Northern Samar 1st District Rep. Paul Daza wants to penalize absent or deadbeat parents who have refused or failed to give support to their children.
He filed House Bill No. 7810, the proposed “Child Support Enforcement Act,” to remind parents to be responsible for the survival and well-being of their children.
“Seeing the important role of non-custodial or absentee spouses/partners in raising healthy and secure children, there is a need to enact a child support enforcement law,” Daza said in his bill’s explanatory note.
Citing the study commissioned by the World Health Organization (WHO), he noted that there are about 14 million household heads without a spouse.
He said the figure is about 14 to 15 percent of the estimated 94 million Filipinos in 2018.
“It is more overwhelming that round 95 percent of these individuals are women. This means that more and more children are in difficult, precarious, and financially insecure conditions, caused by absence of lack of support from absentee or deadbeat parents, who are, sadly, mostly men,” Daza said.
He said while there are already existing laws that address the plight of solo parents, much still needs to be done to strengthen protection of children.
He said the measure mandates child support in all circumstances, including in cases of couples who decided not to get married or separate whether legally or not, or parents who refused to or failed to give child support.
“This proposed law will have more teeth than any other similar existing or proposed law,” the House leader said.
Under HB 7810, Daza proposed a minimum across-the-board amount of child support that all non-custodial parents must pay regardless of their income or lack thereof.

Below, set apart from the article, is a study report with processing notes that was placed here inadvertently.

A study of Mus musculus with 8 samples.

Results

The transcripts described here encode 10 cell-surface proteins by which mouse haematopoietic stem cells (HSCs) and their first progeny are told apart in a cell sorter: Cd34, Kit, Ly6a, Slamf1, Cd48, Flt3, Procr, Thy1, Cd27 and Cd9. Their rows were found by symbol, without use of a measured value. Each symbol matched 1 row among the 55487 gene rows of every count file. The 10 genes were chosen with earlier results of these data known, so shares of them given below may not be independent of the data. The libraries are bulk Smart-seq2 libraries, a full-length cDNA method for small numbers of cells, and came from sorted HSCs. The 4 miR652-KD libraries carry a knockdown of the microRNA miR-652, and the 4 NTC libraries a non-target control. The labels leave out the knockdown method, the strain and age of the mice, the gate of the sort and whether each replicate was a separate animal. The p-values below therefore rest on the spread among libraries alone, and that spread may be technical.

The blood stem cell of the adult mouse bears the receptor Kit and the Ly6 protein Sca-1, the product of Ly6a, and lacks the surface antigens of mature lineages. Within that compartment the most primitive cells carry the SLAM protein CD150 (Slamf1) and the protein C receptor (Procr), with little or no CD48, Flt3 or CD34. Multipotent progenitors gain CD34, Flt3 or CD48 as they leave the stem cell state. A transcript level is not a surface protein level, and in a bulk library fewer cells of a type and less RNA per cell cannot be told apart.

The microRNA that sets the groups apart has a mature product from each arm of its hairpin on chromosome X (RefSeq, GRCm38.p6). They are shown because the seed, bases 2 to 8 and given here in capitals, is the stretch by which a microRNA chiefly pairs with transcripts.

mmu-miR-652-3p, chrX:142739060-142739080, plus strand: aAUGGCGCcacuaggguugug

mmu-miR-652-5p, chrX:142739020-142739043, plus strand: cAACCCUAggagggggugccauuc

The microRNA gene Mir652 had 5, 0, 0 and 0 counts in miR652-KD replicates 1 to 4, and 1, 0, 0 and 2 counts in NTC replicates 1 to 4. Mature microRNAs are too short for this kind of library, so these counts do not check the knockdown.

He explained that one of the core features of his bill is the avoidance of giving a grace period for non-payment of child support.
“The offending parent is immediately susceptible to criminal action upon his first default of payment,” he said.
He said HB 7810 provides for the removal of gender as a factor in evaluating cases.
“Even mothers can be compelled to give child support if they abandon their children in the custody of the father or any other substitute parent,” he said.
Daza said one of salient provisions of his bill is the integration of child support with the issuance of government permits, licensing, and other documentary issuances of the government.
“For example, a hold departure order (HDO) is immediately issued upon the first default of payment of child support, as determined by barangay and police authorities,” he said.
He said the government can provide more support to single parents, particularly in the issuance of licenses and permits, including the automatic non-issuance of driver’s license or passport for an offender or deadbeat parent.
“This is already being done in the United States. In fact, New York State, through the Office of Temporary and Disability Assistance/Child Support, requires employers to submit income and benefit data of employees who have child support cases. This information becomes the basis through which they can require parents with child support cases to continue supporting their children,” he said.
Daza said HB 7810 provides mandatory inclusion of the discussion of the rights of the child under the United Nations Convention on the Rights of the Child (UNCRC), Republic Act No 7610, the Special Protection of Children Against Abuse, Exploitation and Discrimination Act, and Republic Act No. 9262, Violence Against Women and Children Act, and other relevant laws in school curricula.
He said the bill also calls for mandatory remittance of child support by employers of a non-custodial parent.
“Employers that refuse to automatically remit child support payments to a custodial parent are made criminally liable along with the offending non-custodial parent,” he said.
Daza’s proposed “Child Support Enforcement Act” calls for the imposition of criminal liability on family members of a non-custodial parent who intervene and block child support payments.
The bill calls for the establishment of the National Child Support Program (NCSP), which will be administered by the Department of Social Welfare and Development (DSWD) in strict compliance with the support of relevant agencies in the national and local levels.
HB 7810 tasks the DSWD Secretary, after due consultation with the Department of Budget and Management (DBM), National Bureau of investigation (NBI), Philippine National Police (PNP), Office of the Solicitor General, and other relevant civil society organizations to formulate the implementing rules and regulations of the proposed Act.